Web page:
The US Department of Energy (USDOE) will provide financial support of $40m for the establishment of four Bioenergy Research Centers (BRCs).
The research centres, which will be led by DOE National Laboratory or a top notch university, are expected to provide scientific breakthroughs for next generation of sustainable, cost-effective bioproducts and bioenergy.
The centres are designed to lay foundation for the development of a bio-based economy that can help in the production of a wide range of new products and fuels derived from non-food based biomass.
Initially, the centres will receive of funding $40m from the department for the year financial year 2018. The department also plans to provide funding for next five years.
The US Energy Secretary Rick Perry said: “The revolution of modern biology has opened up vast new opportunities for the energy industry to develop and utilize products derived from biomass as a sustainable resource.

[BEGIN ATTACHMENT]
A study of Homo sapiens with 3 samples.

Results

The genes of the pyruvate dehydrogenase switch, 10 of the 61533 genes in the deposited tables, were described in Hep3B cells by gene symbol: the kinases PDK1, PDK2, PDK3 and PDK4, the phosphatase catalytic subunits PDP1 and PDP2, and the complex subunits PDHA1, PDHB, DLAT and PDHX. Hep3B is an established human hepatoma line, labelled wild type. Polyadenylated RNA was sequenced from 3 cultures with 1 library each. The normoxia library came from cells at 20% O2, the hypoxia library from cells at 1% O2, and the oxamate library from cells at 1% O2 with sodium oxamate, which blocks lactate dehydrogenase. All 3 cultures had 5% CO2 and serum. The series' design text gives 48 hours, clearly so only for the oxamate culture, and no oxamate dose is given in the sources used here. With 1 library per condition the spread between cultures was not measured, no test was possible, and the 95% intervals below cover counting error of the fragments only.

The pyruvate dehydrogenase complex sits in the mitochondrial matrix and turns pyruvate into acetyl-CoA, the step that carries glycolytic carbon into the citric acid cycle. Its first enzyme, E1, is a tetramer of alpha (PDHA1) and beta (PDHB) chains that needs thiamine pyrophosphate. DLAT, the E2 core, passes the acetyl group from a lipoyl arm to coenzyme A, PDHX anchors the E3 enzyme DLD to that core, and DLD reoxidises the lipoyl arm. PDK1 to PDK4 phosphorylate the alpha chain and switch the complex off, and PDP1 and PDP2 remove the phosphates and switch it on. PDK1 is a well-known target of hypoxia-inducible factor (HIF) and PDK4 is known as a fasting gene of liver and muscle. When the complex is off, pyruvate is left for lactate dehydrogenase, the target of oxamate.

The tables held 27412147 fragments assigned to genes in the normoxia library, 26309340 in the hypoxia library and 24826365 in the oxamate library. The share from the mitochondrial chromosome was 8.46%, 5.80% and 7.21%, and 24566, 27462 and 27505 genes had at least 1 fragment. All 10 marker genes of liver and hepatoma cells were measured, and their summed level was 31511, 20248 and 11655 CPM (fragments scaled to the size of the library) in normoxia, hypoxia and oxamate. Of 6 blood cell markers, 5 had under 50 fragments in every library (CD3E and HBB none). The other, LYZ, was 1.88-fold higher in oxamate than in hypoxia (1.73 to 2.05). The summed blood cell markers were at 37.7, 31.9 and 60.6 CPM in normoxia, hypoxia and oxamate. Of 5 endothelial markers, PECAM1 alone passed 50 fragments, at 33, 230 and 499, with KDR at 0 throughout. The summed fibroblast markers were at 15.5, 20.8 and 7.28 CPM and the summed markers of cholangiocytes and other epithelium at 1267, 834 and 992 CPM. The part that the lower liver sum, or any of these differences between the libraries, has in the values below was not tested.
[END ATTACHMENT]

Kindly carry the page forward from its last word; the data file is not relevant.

“These centers will accelerate the development of the basic science and technological foundation needed to ensure that American industry and the American public reap the benefits of the new bio-based economy.”
The department has selected the Great Lakes Bioenergy Research Center which is led by the University of Wisconsin-Madison; the Center for Bioenergy Innovation which is led by DOE’s Oak Ridge National Laboratory; the Joint BioEnergy Institute which is led by DOE’s Lawrence Berkeley National Laboratory; and the Center for Advanced Bioenergy and Bioproducts Innovation which is led by the University of Illinois at Urbana-Champaign.
The present funding is a follow-up of the original DOE Bioenergy Research Centers program established in 2007 and it consisted of three centres, including the centres that were led by the University of Wisconsin-Madison in partnership with Michigan State University, Oak Ridge National Laboratory, and Lawrence Berkeley National Laboratory.
The department claims that in a ten year period, the three centres produced several breakthroughs including sustainable agricultural practices, major reengineering of plant feedstocks, developing new methods for deconstructing feedstocks and reengineering microbes for effective fuel production.